CC BY 4.0 / ESO/M. Kornmesser / The first interstellar asteroid, `OumuamuaThis artist’s impression shows the first interstellar asteroid, `Oumuamua
This artist’s impression shows the first interstellar asteroid, `Oumuamua - Sputnik International, 1920, 11.02.2022
While the team has already submitted a white paper to NASA's Decadal Survey, it remains to be seen if their proposal will be adopted.
A team of researchers has come up with a plan specifying how a spacecraft, if launched in the next few years, could catch up with an enigmatic interstellar object known as 'Oumuamua and snap a picture of it up close, Live Science reports.
Originating from somewhere beyond our Solar system, 'Oumuamua passed by Earth in 2017 and is currently estimated to be somewhere outside Neptune's orbit, heading towards the Pegasus constellation, researchers from UK-registered non-profit Initiative for Interstellar Studies (i4is) together with their colleagues from the US and Europe propose that a spacecraft launched by 2028 could still catch up to that object.
"What we need is a photograph of it, very close, an in situ photograph," said Adam Hibberd, software engineer at i4is and lead author of the study. "And the only way we can do that is by sending a mission."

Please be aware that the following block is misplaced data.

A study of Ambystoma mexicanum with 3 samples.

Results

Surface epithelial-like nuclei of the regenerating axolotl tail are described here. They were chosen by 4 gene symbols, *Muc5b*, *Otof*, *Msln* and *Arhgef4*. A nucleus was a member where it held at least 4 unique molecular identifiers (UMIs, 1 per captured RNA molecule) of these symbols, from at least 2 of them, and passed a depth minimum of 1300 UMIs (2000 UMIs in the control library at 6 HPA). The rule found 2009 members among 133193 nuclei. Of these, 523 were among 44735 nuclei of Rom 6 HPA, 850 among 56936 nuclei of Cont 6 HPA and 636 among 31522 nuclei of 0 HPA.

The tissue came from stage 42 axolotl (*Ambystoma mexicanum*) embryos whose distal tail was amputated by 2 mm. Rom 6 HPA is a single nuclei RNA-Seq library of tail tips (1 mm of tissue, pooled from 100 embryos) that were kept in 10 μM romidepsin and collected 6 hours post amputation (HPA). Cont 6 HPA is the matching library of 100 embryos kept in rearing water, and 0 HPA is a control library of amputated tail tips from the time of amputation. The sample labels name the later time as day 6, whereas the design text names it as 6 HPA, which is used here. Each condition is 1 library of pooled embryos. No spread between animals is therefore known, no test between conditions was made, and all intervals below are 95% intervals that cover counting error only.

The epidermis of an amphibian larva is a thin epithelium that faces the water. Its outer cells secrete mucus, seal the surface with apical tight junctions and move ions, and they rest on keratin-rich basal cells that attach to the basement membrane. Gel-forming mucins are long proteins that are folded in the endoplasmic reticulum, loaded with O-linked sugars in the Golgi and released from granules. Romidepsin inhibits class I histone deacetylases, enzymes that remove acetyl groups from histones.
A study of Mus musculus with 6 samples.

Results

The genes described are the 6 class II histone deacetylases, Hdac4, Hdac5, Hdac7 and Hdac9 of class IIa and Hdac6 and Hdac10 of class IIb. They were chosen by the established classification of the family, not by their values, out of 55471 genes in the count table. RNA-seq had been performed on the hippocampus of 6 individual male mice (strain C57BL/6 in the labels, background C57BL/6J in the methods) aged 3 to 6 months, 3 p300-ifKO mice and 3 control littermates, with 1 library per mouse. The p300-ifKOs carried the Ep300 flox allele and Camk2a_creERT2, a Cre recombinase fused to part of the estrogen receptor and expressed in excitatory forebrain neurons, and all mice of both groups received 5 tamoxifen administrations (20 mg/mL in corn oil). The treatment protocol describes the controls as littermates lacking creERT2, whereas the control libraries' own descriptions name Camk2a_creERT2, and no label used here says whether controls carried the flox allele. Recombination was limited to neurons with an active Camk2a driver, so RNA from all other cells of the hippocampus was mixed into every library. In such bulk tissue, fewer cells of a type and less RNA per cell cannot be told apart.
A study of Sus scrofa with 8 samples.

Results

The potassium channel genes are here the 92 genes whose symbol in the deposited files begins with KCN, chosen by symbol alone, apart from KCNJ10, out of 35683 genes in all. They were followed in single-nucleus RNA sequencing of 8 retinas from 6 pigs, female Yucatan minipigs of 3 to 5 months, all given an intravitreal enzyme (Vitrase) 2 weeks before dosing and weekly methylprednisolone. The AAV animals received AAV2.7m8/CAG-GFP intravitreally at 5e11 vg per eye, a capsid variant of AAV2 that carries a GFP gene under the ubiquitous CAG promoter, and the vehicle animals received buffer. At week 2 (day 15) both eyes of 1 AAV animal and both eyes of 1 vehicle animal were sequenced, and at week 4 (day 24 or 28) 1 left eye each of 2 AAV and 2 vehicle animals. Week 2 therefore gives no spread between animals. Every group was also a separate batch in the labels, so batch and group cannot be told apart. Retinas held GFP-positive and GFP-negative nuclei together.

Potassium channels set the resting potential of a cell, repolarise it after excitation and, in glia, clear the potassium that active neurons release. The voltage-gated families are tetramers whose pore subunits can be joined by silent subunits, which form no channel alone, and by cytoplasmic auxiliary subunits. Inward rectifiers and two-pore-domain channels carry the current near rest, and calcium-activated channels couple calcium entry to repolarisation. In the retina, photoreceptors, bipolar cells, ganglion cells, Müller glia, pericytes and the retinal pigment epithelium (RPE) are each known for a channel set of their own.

Under the so called “Project Lyra” proposed by the team, a spacecraft launched from Earth would swing by Venus and our planet, which would allow it to reach Jupiter with minimal fuel. Then, the craft would burn fuel to accelerate and slingshot past Jupiter toward 'Oumuamua at a speed of about 133,200 kilometres per hour.
This illustration shows 'Oumuamua racing toward the outskirts of our solar system. As the complex rotation of the object makes it difficult to determine the exact shape, there are many models of what it could look like. - Sputnik International, 1920, 17.03.2021
While the team has already submitted a white paper, NASA's Decadal Survey, it remains to be seen whether their proposal will be implemented.
"We'll see what comes of that white paper," Hibberd said. "We're trying to get encouragement from the scientific community — after all, it would solve a lot of their questions."